Now-patched flaw allowed attacker to poison downstream caches

Squid proxy addresses web cache poisoning vulnerability with latest release

A new version of the open source Squid caching proxy has been released, complete with mitigations against a security flaw that could allow an attacker to embark on web cache poisoning campaigns.

“Due to incorrect data validation, Squid is vulnerable to HTTP request splitting attacks against HTTP and HTTPS traffic,” the project maintainers warned in a recent advisory.

The vulnerability was discovered by an occasional security researcher who goes by the online handle Regilero.

He found that Squid was using a string search instead of parsing the Transfer-Encoding header to find chunked encoding.


“It is interpreted by Squid as chunked and split out into a second request delivered upstream. Squid will then deliver two distinct responses to the client, corrupting any downstream caches.”

The vulnerability was given a high CVSS rating of 9.3, as it allows any client – including browser scripts – to bypass local security mechanisms and poison the browser cache and any downstream caches with content from an arbitrary source.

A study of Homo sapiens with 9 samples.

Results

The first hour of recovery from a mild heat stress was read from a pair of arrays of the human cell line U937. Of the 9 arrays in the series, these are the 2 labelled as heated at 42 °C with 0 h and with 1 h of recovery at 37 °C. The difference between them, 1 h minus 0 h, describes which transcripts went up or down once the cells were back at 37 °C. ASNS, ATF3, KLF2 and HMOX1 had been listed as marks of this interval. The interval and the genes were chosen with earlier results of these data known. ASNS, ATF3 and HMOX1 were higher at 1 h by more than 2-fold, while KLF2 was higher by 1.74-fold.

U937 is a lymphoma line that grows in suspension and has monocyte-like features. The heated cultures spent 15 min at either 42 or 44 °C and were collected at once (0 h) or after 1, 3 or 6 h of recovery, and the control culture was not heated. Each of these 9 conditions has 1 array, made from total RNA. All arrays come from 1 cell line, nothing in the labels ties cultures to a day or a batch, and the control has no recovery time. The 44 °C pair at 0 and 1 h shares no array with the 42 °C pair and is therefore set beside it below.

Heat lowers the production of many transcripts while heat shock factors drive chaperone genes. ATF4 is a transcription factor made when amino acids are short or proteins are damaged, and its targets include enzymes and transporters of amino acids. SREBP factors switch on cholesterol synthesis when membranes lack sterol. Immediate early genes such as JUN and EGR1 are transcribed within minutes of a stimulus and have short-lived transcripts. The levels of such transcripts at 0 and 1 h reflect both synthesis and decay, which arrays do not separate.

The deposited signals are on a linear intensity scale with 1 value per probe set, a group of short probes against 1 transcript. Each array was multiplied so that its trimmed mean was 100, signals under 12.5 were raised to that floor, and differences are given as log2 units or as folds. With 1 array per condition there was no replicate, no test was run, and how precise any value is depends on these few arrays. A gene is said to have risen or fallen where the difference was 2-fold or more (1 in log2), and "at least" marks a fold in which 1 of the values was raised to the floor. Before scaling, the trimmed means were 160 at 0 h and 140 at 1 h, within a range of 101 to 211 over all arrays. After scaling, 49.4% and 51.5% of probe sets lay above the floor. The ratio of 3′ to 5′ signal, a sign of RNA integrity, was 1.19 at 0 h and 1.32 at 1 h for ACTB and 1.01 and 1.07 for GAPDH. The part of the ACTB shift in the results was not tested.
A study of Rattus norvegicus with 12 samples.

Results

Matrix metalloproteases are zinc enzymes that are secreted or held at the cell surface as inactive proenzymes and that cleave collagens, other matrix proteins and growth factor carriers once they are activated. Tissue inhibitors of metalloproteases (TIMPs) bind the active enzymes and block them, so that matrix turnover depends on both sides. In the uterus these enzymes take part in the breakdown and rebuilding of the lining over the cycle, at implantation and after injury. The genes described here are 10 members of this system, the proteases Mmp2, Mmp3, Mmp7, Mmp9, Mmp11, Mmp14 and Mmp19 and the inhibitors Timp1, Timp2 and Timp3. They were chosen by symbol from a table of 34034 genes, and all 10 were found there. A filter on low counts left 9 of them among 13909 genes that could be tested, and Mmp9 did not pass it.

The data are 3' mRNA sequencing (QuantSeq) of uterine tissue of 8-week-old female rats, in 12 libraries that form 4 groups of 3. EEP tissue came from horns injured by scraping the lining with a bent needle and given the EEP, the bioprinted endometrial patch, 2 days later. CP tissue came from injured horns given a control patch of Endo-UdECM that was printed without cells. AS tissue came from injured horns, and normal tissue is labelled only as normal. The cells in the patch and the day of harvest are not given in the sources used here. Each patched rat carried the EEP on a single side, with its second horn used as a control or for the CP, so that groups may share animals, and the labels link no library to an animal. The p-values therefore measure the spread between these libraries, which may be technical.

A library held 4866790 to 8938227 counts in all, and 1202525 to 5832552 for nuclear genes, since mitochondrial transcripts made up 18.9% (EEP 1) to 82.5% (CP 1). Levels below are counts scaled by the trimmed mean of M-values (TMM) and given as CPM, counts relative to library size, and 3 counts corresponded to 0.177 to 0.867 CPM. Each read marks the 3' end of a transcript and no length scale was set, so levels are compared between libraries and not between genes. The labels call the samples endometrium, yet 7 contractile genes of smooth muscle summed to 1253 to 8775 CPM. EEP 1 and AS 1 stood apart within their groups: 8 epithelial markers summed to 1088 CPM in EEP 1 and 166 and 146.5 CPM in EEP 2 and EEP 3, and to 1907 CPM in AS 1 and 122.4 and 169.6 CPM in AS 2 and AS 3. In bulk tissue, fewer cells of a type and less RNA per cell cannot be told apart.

Three’s a charm

The web cache poisoning issue has been fixed in the latest version of Squid (4.13), along with the latest beta build (5.0.4).

Regilero said he is working on a technical write-up of his discovery, which is the third Squid security bug he has disclosed over recent months.

“The first two issues were already fixed before the latest release,” the researcher told The Daily Swig this week.

“It was a very classical response splitting issue with spaces on headers, and I think this latest release contains some fixes about some other space variations that [HTTP request smuggling pioneer] Amit Klein discovered.


Discussing the web security research community’s ongoing enthusiasm for hacking techniques that fall under the HTTP request smuggling family, Regilero said: “Request splitting issues have mainly two big consequences: HTTP desync (chaos) and cache poisoning.

“The second issue (Host header manipulation) impact is more a problem of security filter bypass (backend access bypass).

“I think also the recent boom in ‘HTTP desync’ has increased the number of security reports and that subject is now closely studied in HTTP projects.”